LGBTQ+ ADVOCATE AND SPEAKER
KARYN SKULTETY IS AN LGBTQ+ ADVOCATE AND SPEAKER BASED IN COLORADO, COMITTED TO REPRESENTING UNDEREPRESENTED INDIVIDUALS, EXPECIALLY OLDER LGBTQ+ PEOPLE
You are a passionate and committed LGBTQ+ speaker and advocate based in Colorado. What does that role involve?
I made the decision to move back to Colorado (where I grew up) largely based on my need to advocate and connect with my passion as a queer person with two children and with ageing parents. I think many of us pour so much of ourselves into our social justice work, career and advocacy that we reach a moment where we lose perspective on who we are as our own LGBTQ+ person. So, much of my role since my move has been on being a mom, a daughter and a member of a chosen family of LGBTQ+ people who have faced our own particular challenges during the global pandemic.
That said, I have been providing consultation and leadership on projects that involve a more traditional ageing service provider partnering with a LGBTQ+ community organisation to build new models of care. This is the work I’m most passionate about! In addition, I’m honoured to have joined the Board of Directors of two Denver-based nonprofits – Envision:You (focusing on mental health services for LGBTQ+ people) and OneColorado (providing advocacy and political support for LGBTQ+ people).
You have also been an Executive Director for Openhouse based in San Francisco. What does Openhouse do?
Openhouse provides housing, services and community building for LGBTQ+ seniors in San Francisco. They opened San Francisco’s first (and only!) LGBTQ+ welcoming affordable senior housing buildings and provide some of the most innovative care models for ageing LGBTQ+ people in the country.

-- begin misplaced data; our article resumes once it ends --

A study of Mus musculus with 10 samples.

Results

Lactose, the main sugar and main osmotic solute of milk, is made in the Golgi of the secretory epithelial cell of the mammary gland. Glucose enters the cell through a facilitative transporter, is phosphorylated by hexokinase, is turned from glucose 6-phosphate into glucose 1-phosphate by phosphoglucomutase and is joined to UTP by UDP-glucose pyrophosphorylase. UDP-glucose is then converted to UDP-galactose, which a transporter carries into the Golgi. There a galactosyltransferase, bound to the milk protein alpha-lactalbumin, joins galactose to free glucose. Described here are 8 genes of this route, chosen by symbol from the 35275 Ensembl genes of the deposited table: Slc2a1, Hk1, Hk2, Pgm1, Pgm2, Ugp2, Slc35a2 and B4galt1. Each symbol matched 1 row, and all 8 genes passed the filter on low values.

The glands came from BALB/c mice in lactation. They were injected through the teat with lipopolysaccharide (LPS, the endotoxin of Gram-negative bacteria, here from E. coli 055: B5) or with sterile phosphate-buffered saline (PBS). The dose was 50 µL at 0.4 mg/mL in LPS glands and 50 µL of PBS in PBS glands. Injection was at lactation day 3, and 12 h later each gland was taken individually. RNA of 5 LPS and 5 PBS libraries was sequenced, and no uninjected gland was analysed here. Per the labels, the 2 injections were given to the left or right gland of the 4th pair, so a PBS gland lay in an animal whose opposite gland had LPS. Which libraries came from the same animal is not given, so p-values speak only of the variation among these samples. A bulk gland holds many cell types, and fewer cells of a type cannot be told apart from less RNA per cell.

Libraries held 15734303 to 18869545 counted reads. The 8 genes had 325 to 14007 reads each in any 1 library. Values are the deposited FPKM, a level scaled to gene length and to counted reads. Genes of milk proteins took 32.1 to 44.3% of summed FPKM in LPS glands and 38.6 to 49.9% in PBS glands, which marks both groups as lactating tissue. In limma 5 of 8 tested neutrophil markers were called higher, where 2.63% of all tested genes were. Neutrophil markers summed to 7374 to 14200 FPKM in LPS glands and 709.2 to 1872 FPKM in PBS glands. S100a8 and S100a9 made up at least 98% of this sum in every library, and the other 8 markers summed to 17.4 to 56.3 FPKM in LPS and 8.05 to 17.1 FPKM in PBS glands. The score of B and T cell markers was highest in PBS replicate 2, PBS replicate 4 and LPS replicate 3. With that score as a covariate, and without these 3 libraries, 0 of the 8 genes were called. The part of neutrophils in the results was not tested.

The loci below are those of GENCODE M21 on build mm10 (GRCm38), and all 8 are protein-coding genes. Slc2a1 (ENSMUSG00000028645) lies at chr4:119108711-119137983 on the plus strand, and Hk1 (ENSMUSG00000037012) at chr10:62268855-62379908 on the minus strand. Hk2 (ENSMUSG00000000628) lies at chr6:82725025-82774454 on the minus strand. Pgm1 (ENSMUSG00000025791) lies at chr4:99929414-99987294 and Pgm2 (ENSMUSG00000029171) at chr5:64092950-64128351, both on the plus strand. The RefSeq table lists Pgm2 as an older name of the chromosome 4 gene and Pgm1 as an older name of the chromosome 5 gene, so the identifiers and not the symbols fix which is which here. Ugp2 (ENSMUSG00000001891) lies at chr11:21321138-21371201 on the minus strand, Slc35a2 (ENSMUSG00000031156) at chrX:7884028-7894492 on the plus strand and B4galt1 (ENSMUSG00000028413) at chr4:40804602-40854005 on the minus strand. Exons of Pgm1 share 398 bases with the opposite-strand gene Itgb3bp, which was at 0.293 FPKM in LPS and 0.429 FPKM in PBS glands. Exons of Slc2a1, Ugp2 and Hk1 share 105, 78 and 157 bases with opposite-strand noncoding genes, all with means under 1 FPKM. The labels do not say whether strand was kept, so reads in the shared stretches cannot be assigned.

In the past few years we’ve seen great advances in LGBTQ+ rights. What more needs to be done?
So much! I think the most pressing challenges are often those facing individuals in the transgender and gender non-conforming (TGNC) communities. There are constant assaults on the rights of this part of the community – unfortunately both from LGB people and the larger world. This can look like anything from misgendering to actual violence to the attempts to formalise discrimination through horrific new laws and policies being enacted all over the world.
What challenges do older LGBTQ+ people face which, perhaps, younger LGBTQ+ people do not, and how can we address those challenges?
LGBTQ+ seniors face a number of challenges. We know from the research that they experience significant health disparities and extremely high levels of isolation compared to the cisgender/ heterosexual ageing population. The problem that I spend the most time thinking about is the fact that traditional care models for seniors do not come close to meeting their needs and we see that they do not use these services, even when they are desperately needed.
I am passionate at finding ways that we can bring together the knowledge of LGBTQ+ communities, especially seniors, and have them rebuild our care models to support seniors ageing in place, surrounded by communities of support.
Describe a typical day in the life of Karyn Skultety.
This question made me laugh because there isn’t a typical day right now! As I said, the last six months have been more focused on my own kids and well-being and I definitely want to be able to say that out loud and with pride! But if I tell you I wake up and wear sweatpants to get my kids to school on time it may not impress your readers!
TO DATE ON EITHER A PROFESSIONAL OR PERSONAL LEVEL WHAT HAS BEEN YOUR PROUDEST ACHIEVEMENT?
Absolutely without a doubt, getting to be a mom to my two kids – Quinn and Nova – is my proudest achievement. And the way that they see the world, including their own passion for fighting for the rights of LGBTQ+ people, especially seniors, inspires me like nothing else. One of the most poignant moments in my life as a leader was having LGBTQ+ seniors thank me for bringing my kids to spend time at our community events at Openhouse. As one of them pointed out, LGBTQ+ seniors came of age at a time the world told them that they were dangerous to children and very few had the opportunity to have children in queer relationships. Watching my own kids interact with the people who fought for the rights that allowed me to be a queer mom is the most powerful opportunity and I cherish it.